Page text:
It may look like a vintage 1970's amp, but Yamaha's all-new A-S801 sounds like the 2015 component that it is.

Stereo integrated amplifiers are as old school as you can get. They're pretty basic; for decades integrated amps just had a volume control, inputs for CD, radio, "aux," and sometimes a phono input for a turntable. There might be bass and treble controls, but most amps didn't even come with a remote control! My no-frills NAD C 316BEE, 40 watt per channel amp is the perfect expression of a classic integrated amp that's still being made today. Yamaha's newly introduced A-S801 looks like a clone of a Yamaha integrated amp from the 1970s or 1980s, but the features lineup is very much of our time. The Yamaha A-S801 has a $1,000 MSRP in the US.

Yamaha A-S801 Steve Guttenberg/CNET

The A-S801's front panel and the remote control were so logically laid out I didn't have to consult the owner's manual even once to get sound out of this thing! I hooked up my Oppo BDP-105 Blu-ray player's coaxial digital output, and a pair of GoldenEar Technology Triton Five tower speakers and started playing tunes. The sound was clean, bass had plenty of oomph, and stereo imaging was big and broad.

The A-S801's connectivity runs the gamut, there's six sets of stereo RCA analog inputs including a phono input for moving magnet cartridges; two sets of stereo RCA analog outputs; a RCA subwoofer output jack; three digital inputs, Toslink, coaxial and USB; and two sets (A+B) of heavy-duty speaker binding posts. Built-in digital converters handle ultra-high resolution 384 kHz/32 bit PCM and 5.6 MHz DSD files! If you need to go wireless order the optional Yamaha YBA-11 Bluetooth adaptor ($70).

The A-S801's back panel has an impedance selector switch for high (6 or 8 Ohm) or low impedance (4 Ohm) speakers. The A-S801 is rated at 100 watts per channel, and weighs a hefty 26.7 pounds! That's a good indication of solid build quality and the components packed inside the chassis. Most 7 x 100 watt receivers weigh less than the A-S801, for example, Yamaha's RX-V777BT AV receiver weighs just 23.2 pounds! Most of the weight differential comes from the A-S801's larger power transformer, power supply capacitors and heat sinks.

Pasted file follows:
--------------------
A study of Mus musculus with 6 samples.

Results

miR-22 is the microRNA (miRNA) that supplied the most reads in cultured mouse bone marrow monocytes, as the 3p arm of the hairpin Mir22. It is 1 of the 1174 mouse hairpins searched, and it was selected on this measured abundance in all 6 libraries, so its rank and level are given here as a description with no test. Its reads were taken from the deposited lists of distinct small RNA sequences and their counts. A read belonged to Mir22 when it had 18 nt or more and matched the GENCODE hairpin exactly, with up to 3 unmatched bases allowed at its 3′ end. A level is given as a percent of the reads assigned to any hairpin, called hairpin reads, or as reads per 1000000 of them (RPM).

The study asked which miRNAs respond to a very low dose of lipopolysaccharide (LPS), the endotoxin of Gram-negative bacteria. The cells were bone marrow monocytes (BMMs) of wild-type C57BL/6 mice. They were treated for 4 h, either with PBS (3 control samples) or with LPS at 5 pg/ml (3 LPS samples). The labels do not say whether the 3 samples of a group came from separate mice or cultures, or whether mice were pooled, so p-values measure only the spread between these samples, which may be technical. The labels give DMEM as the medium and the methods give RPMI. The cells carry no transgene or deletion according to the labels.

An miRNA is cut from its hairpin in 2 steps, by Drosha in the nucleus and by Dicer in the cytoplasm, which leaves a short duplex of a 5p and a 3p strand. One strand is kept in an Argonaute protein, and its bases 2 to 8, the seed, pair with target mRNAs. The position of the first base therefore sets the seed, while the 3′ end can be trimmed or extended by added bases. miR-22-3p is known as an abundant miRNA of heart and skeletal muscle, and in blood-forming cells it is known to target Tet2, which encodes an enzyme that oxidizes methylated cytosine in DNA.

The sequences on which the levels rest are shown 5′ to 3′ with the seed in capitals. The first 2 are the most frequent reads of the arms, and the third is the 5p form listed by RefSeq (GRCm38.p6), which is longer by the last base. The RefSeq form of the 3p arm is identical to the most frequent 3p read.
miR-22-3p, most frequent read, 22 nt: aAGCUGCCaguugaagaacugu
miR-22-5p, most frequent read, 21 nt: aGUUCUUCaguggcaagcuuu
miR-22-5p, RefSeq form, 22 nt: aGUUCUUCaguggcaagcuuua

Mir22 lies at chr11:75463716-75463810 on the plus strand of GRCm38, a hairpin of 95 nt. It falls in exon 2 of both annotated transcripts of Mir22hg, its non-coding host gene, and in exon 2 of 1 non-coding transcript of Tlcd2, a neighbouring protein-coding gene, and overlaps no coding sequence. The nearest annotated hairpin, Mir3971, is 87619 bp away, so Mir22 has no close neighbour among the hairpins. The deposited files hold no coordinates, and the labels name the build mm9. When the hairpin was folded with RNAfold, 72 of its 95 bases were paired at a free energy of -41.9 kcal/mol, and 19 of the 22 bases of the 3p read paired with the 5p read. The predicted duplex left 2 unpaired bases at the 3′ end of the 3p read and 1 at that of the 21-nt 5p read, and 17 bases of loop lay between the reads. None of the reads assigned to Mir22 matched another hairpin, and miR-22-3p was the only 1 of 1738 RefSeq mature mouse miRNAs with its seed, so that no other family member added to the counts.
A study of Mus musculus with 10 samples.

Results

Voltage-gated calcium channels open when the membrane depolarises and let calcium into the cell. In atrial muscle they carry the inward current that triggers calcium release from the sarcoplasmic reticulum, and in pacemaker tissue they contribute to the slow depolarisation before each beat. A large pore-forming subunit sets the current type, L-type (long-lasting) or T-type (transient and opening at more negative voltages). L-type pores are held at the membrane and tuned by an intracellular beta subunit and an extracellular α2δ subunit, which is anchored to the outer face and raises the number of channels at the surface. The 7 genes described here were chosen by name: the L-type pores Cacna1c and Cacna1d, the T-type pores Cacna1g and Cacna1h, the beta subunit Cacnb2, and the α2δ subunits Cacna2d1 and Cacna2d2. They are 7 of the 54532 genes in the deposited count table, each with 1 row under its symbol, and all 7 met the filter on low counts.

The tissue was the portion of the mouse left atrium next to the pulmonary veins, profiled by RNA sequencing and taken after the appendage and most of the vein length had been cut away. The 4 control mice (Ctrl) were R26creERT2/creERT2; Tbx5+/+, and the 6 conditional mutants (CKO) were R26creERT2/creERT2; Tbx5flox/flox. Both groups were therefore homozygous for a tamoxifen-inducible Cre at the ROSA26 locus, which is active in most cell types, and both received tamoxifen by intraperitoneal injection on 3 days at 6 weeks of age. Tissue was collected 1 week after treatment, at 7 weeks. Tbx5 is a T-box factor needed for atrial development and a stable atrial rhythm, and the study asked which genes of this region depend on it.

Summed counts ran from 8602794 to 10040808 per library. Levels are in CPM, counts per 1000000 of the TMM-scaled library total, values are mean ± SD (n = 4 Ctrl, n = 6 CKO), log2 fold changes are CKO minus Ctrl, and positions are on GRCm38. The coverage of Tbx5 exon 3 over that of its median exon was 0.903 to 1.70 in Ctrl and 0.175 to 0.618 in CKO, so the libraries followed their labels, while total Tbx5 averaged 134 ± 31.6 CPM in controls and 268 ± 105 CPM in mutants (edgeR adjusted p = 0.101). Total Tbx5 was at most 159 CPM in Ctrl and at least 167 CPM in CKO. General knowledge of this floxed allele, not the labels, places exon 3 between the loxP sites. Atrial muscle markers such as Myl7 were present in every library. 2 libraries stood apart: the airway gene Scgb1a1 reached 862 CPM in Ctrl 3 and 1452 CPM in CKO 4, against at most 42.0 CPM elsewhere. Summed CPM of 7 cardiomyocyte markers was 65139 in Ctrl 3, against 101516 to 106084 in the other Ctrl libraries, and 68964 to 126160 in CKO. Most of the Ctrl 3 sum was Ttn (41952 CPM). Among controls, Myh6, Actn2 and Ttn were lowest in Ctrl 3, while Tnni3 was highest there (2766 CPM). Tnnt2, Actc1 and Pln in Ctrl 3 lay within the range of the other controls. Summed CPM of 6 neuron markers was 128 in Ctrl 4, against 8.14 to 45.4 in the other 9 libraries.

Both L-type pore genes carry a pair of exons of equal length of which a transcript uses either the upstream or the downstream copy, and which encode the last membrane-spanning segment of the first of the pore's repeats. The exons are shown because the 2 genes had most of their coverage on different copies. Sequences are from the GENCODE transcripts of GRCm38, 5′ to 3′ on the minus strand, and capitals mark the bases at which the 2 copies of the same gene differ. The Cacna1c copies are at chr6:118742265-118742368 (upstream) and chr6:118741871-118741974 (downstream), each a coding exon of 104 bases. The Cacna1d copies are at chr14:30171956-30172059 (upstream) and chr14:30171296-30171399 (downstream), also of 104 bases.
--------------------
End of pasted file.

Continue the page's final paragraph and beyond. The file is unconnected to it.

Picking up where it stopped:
In addition to the usual front panel controls -volume, bass, treble, speaker A/B switching, etc. - the A-S801 sports a variable loudness control. That one lets you tailor the tonal balance for late night listening by gently boosting bass and treble to make up for losses associated with quiet listening levels.

I compared the A-S801 with my NAD C 316BEE integrated amp, hooked up to the GoldenEar Technology Triton Five tower speakers. The C 316BEE's sound had more body and weight, the A-S801 was leaner and lighter in tone. Classical violinist Joshua Bell's bluegrass infused Short Trip Home album sound was "riper" and more voluptuous over the C 316BEE, but more accurate over the A-S801.

With "Hard Times" from the new AC-DC album Rock or Bust the C 316BEE rocked harder, and Phil Rudd's mighty kick drum had superior kick. The C 316BEE sells for less than half the A-S801's price, but the C 316BEE lacks features like the built-in digital converter, phono preamp, and A & B speaker switching. The two amps sound different, but both provide good sound.

The A-S801's stereo home theater trials commenced with Avatar, and the amp handled the film's scale and impact with ease. Dialogue was clear and natural, and when the Hammerhead Titanothere lets off some steam in the jungle and knocks down a few trees the A-S801's power reserves were never in doubt.

"Lionsong" from Bjork's new "Vulnicura" album in high-resolution digital is a gorgeous recording, and its thunderous beats pumping against strings took my breath away. Bjork's multi-tracked vocals were front and center in the mix.

I also compared the sound of a pair of NAD Viso HP50 headphones plugged into my iPod Classic and the A-S801, and the amp made those headphones sound like much better headphones. So if you've invested in a decent pair of headphones, but you only play them in your cell phone, the A-S801 will be an easy upgrade.

While the A-S801's competence was never in doubt it lacks the more "robust" character of the $1,295 Rogue Sphinx amp's sound. The Sphinx is a cool running vacuum tube/Class D hybrid design that sounds like a classic 1980s high-end integrated amplifier. The Sphinx is rated at 100 watts per channel for 8 ohm speakers, 200 watts per for 4 ohm speakers. There's more body and soul to the Sphinx sound, the A-S801 is tonally cooler and lighter on its feet. Which one is better? I prefer the Sphinx, but tastes vary, you might go for the A-S801.